The World Energy Council has identified five imperative actions that the energy sector needs to implement in order to mitigate against dramatic changes predicted in international demand in 2050.
The World Energy Council and its project partner, global management consulting firm project partner Oliver Wyman, along with the Global Risk Centre of its parent Marsh & McLennan Companies, launched the seventh Trilemma Report: ‘Priority actions on climate change and how to balance the energy trilemma’ this week in Merida, Mexico.
The report focuses on energy security, energy equity and environmental sustainability with contributions from both the private sector (60%) and the public sector (40%).
The South African National Energy Association (SANEA) said in a statement that a clearly defined global climate change target would develop confidence in the industry and finance sector resulting in greater investment.
SANEA claims that an increase in investment will facilitate the transition to a sustainable energy future.
South Africa has already seen such investment through the Department of Energy’s Renewable Energy Independent Power Producer Procurement Programme which has already attracted an estimated ZAR170 billion ($14 billion) of private capital investment.
Executive chair of the World Energy Trilemma Joan MacNaughton commented: “The energy industry believes the time is ripe for stronger action on climate change, and it is more than ready to play its full part, building on the examples of leadership which some businesses are already showing.”
He added: “Our findings show that there is a real thirst for vigorous implementation of strong commitments – the focus now needs to move from negotiation to action. Unless this happens, it will become increasingly difficult to deliver across the three trilemma goals of energy security, energy equity and environmental sustainability. As the energy industry is telling us, it is now time to get something done.”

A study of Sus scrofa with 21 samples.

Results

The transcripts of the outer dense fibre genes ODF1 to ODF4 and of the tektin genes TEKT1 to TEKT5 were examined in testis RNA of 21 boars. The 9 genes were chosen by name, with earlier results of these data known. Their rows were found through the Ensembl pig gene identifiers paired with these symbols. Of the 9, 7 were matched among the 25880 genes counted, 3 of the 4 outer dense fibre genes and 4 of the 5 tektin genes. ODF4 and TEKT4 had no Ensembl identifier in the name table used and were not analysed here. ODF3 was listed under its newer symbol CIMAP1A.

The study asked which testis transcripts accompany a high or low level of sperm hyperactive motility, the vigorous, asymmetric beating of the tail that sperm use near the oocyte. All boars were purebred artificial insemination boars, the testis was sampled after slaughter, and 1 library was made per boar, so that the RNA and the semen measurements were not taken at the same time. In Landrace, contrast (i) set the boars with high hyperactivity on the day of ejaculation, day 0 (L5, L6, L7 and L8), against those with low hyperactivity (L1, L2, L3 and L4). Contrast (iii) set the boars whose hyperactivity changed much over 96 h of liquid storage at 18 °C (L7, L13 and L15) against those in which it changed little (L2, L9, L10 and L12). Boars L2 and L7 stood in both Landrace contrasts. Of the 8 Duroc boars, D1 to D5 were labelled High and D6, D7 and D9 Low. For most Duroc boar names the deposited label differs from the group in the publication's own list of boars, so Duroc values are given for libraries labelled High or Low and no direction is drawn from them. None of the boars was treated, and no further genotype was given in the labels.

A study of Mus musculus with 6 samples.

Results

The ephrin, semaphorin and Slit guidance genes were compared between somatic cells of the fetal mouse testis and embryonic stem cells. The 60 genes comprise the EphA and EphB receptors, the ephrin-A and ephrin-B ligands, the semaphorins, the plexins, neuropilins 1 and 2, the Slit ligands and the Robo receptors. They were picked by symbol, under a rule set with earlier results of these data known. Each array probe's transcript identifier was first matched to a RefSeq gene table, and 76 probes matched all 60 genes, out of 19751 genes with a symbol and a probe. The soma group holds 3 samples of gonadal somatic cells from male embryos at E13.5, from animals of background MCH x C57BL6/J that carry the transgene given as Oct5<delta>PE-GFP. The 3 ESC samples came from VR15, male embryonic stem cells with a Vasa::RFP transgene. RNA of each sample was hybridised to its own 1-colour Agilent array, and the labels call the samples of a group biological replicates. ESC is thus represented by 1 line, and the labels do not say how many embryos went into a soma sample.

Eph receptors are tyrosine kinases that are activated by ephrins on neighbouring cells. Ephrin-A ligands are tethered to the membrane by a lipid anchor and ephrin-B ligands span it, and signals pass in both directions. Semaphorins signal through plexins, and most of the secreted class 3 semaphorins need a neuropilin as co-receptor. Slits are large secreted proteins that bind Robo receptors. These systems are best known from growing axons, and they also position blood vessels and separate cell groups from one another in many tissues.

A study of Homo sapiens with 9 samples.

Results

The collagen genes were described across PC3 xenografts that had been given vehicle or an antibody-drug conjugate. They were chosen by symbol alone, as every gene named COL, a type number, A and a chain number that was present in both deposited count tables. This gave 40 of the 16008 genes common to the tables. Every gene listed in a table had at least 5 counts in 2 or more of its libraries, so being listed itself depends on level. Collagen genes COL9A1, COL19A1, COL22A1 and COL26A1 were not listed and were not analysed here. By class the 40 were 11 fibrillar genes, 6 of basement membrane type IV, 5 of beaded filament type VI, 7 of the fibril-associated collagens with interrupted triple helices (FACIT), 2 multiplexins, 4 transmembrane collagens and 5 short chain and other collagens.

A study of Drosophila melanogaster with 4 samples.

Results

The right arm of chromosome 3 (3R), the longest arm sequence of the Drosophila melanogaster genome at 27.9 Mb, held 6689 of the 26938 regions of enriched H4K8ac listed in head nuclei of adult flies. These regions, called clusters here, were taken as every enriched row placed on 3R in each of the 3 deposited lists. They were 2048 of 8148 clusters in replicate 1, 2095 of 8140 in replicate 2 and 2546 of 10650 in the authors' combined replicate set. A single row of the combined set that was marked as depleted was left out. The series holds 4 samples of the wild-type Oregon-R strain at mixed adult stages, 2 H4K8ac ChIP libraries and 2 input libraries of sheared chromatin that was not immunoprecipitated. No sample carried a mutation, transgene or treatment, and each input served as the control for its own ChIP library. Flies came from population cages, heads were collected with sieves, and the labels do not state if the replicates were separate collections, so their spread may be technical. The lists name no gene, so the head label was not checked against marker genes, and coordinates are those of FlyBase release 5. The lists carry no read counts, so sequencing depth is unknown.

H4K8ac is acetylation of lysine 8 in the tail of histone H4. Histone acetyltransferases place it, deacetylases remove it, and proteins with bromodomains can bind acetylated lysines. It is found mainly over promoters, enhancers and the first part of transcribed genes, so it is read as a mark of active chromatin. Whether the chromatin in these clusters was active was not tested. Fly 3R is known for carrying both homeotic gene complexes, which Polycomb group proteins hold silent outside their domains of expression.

SANEA highlighted five policy enablers which the report identifies that are key to the successful transition to a low carbon energy system:
- Remove barriers to trade and enable technology transfer, including tariffs on environmental goods and services, and protecting intellectual property rights.
- Set a carbon price to level the playing field and redirect investment towards low-carbon solutions.
- Provide the right policy signals to scale up investment, accompanied by a portfolio of bankable projects to attract more private capital.
- Place greater emphasis on demand management including increasing energy efficiency across all sectors covering residential, commercial, industrial and transport.
- Prioritise and build platforms for innovation and RD&D, principally in the investment case for new technologies, as well as a new era of collaboration between the public and private sectors.
Alex Wittenberg, Oliver Wyman Partner and executive director, Marsh & McLennan Global Risk Center, commented: “Transitions in the energy sector and the evolution in energy supply and demand will have huge impacts across all economic sectors.
“Companies have new and evolving choices on how they source and use energy now and in the decades to come and policy clarity is essential to accelerate the pace of transition.”